Conflicts between vigilantes and women defying hijab in public occur almost daily now while authorities including the President insist on enforcement of rules.
There has been a torrent of comments by clerics and hardliners in recent days against women who ignore hijab rules, while thousands appear in public without a headscarf. As regime vigilantes are encouraged to stop women and admonish them, another serious conflict is brewing in the country.
A video from the CCTV of a convenience store in Shandiz near the religious city of Mashhad went viral on social media Friday that showed a man dumping a large tub of yogurt after an argument on the head of a ‘hijabless’ woman and her mother, who was wearing a headscarf.
The man, apparently a member of the Revolutionary Guards’ Basij militia, had been carrying out his Islamic duty of “calling to virtue and forbidding wrong”. Local authorities said Saturday the man was arrested for disturbing public peace and insulting the women. Officials said that carrying out the duty of hijab enforcement should remain limited to verbal warnings only.
Both women were also arrested for defying hijab rules and the owner of the business was given a warning for allowing violation of the hijab law on his premises.
Dr Mohsen Borhani, a professor of criminal law at Tehran university, who was recently sacked for criticizing the regime after the execution of four young protesters, argued in a tweet Friday that even according to Islamic Sharia and laws, carrying out the religious duty of calling to virtue and forbidding wrong should never go beyond a verbal warning.
Attacking people and their property or violating their dignity and rights are criminal acts and victims have the right to self-defense according to Article 156 of the Islamic Penal Code of Iran, Borhani, a well-known religious scholar, wrote.
Moderate Muslims, including some clerics, have also been critical of hardliners intimidating women to impose the hijab.
Protests in Iran
“This was not a tub of yogurt that was thrown on a girl’s head. It was bigotry and a putrid sludge crammed into the head of the yogurt-thrower over the years,” reformist politician and cleric Mohammad Ali Abtahi who served as vice-president under Mohammad Khatami in late 1990s and early 2000s protested in a tweet.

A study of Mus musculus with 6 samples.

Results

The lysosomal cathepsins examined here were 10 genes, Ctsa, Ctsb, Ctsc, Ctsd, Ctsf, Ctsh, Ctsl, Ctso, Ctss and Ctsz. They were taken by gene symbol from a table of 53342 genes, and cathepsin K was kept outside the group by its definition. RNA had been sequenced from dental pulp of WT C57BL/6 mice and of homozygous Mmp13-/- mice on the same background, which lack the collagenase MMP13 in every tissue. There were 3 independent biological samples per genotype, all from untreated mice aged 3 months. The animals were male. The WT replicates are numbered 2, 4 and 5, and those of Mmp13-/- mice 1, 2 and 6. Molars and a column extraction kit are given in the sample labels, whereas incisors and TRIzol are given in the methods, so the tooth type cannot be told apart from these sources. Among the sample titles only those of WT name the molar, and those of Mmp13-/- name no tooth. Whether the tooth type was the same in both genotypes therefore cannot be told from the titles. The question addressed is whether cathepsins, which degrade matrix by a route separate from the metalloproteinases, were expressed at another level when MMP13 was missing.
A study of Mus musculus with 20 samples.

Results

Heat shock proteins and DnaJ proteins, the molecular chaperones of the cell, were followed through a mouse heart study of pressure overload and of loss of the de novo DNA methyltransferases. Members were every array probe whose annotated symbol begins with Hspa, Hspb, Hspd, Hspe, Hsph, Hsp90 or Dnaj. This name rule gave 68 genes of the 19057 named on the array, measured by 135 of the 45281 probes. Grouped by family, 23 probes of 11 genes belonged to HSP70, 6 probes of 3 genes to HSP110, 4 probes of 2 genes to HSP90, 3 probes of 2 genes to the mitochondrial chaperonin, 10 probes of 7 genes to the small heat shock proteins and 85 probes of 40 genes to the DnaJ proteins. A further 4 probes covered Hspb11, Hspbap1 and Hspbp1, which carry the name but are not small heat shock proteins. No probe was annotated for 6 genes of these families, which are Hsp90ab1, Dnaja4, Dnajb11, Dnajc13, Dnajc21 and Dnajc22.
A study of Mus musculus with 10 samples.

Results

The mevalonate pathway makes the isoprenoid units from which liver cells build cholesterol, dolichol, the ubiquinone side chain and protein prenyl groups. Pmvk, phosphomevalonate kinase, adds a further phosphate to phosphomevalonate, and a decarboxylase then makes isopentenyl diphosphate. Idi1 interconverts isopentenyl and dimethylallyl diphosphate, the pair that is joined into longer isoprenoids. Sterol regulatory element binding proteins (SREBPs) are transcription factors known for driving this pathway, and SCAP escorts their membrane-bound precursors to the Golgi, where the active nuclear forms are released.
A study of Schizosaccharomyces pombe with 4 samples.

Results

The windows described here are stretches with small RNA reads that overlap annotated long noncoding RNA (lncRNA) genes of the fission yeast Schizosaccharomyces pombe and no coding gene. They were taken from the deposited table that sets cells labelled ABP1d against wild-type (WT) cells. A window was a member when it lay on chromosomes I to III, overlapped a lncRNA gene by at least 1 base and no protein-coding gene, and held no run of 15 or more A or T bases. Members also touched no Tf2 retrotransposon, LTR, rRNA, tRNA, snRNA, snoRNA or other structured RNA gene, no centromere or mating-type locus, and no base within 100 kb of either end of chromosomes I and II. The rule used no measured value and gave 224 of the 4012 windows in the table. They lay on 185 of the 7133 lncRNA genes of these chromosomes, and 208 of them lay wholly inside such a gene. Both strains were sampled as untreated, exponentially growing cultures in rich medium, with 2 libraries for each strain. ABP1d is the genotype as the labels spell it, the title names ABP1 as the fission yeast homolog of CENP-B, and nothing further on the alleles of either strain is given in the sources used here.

‘Hijabless’ girl in Gonbad-e Kavous, a rather conservative city in northeastern Iran
In July 2022, after weeks of harsher measures on the streets, President Ebrahim Raisi ordered all government entities to strictly implement a “chastity and hijab” law approved by the Supreme Cultural Revolution Council under hardliner Mahmoud Ahmadinejad in 2005. He insisted again today, Saturday, that women should abide by the hijab rules.
“Chastity and hijab are religious matters and all pious Muslims stress on its necessity. Hijab protects the individual and the society from all harms and deviations,” he said, adding that since there is a law, even those who say they do not believe in hijab must abide by the rules. “Women and girls have shown that they abide by the law and will continue to do so.”
In the past four decades women generally demonstrated their opposition to compulsory hijab by making their headscarves smaller and letting their hair cascade on their shoulders from under it or making their tunics tighter and trousers shorter, wearing colorful clothes and putting on make-up.
Authorities referred to these women’s hijab as ‘bad’ or ‘improper’ and called them ‘bad-hijab women’.
It was only in 2018 that some women in Tehran and other larger cities began to wear their headscarves on their shoulders rather than their heads wherever they could. Now many are not even carrying a headscarf in their bag to use if they get into trouble. They are referred to as ‘hijabless’.
Defiance of hijab rules as a form of civil disobedience has hugely grown across the country after the death the 22-year-old Mahsa (Jina) Amini in custody of morality police in mid-September. Many believe that there is no sign ‘hijabless’ women will allow to be bullied again into wearing the hijab.